WATER companies are facing a major investigation after checks revealed that some firms may be releasing unpermitted sewage into rivers and watercourses.

The probe, by the Environment Agency (EA) and the water regulator, Ofwat, will involve more than 2,000 sewage treatment works, and any company caught breaching its permits could be handed fines or prosecuted.

The national investigation was launched after the two bodies said several water companies admitted many of their sewage treatment works may not be compliant.

The Ilkley Clean River Campaign hosted a visit by the Ofwat chairman Jonson Cox and chief executive David Black this summer to learn more about concerns about persistent pollution incidents in the River Wharfe in Ilkley and last week received a letter from David Black, informing the them of the national investigation into water companies compliance.

Professor Becky Malby, of the Ilkley Clean River Group said: “Ilkley’s campaign to clean up our river, which has shone a focus on excessive pollution has been a major part of securing this national investigation.

“David Black in his letter to us says: ‘In June, I wrote to water and wastewater companies setting out the need to improve performance on the use of storm overflows. I am concerned that companies have not acted on this.’ This was after his visit to Ilkley. He goes on to say: ‘I also reiterated our clear expectations that environmental performance and compliance with obligations should be taken into account by companies when deciding on paying out dividends or executive bonuses. I want to assure you that if we find that companies are in breach of any obligation, which we enforce, we will take robust action to hold them to account’.”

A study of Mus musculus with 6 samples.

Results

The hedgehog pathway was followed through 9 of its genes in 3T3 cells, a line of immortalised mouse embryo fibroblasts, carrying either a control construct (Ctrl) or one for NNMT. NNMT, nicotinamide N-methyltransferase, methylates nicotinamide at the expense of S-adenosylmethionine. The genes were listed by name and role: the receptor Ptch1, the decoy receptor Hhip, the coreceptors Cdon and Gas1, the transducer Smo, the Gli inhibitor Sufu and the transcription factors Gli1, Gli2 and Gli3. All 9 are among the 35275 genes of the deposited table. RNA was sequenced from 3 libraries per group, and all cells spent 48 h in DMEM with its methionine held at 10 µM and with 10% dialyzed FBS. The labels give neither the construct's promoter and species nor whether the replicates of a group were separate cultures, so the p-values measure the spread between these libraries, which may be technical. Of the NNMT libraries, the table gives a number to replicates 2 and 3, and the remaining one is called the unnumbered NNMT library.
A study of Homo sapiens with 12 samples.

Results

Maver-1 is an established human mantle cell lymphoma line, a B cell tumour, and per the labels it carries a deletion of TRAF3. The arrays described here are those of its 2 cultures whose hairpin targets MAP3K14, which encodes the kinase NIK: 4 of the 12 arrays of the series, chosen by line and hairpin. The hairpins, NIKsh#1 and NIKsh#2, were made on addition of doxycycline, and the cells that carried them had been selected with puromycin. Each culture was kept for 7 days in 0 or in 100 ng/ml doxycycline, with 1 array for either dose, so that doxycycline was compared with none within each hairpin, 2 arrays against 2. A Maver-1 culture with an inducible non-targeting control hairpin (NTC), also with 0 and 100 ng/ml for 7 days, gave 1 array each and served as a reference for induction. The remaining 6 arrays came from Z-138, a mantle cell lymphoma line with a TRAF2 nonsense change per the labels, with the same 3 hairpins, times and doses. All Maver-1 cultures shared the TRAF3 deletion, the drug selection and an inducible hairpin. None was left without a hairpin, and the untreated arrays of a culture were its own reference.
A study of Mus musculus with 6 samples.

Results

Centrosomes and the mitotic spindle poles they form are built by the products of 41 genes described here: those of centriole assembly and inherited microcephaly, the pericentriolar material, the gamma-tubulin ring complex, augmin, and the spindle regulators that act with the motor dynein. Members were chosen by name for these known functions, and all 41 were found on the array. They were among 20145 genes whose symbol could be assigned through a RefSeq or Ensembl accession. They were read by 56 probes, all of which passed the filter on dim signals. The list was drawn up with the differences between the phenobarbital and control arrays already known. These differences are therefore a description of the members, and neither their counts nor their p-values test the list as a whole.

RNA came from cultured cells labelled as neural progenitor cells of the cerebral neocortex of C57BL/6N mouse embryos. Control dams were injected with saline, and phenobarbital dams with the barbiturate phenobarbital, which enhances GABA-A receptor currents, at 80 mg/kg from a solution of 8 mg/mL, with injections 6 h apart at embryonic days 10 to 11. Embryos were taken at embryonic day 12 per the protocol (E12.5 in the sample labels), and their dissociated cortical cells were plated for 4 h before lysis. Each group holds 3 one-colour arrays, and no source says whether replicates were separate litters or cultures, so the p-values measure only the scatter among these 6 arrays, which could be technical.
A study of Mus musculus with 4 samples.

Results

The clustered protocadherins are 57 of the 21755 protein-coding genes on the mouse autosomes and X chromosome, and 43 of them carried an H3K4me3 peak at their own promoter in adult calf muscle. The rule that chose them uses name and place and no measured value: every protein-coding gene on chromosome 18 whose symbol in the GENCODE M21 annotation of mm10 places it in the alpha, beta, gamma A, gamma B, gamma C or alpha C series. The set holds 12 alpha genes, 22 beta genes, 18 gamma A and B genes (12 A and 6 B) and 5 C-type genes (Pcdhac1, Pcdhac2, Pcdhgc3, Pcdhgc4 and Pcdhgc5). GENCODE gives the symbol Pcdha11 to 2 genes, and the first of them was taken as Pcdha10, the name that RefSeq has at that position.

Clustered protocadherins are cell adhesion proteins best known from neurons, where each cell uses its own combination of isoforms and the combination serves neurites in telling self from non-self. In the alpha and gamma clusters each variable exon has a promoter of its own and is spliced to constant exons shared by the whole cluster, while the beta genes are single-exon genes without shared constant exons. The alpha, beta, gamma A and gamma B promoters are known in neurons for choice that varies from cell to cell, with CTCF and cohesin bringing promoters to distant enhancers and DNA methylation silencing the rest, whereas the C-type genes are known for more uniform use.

Professor Malby added: “The campaign to clean up our river has been part of a national groundswell of outrage by the public that our rivers are being treated as open sewers. We are now working with Yorkshire Water, with the intent to secure a plan for Ilkley that restricts pollution to extreme weather conditions only.

“We are also waiting for a review of the consent (the amount of water inflow that allows Yorkshire Water to discharge raw sewage into the Wharfe) by the Environment Agency which we have been promised by the end of the year.

“It is almost one year since we achieved bathing status for the town to secure regular testing and three years since we started campaigning. This week feels like we have turned the corner to a river fit for people and wildlife.”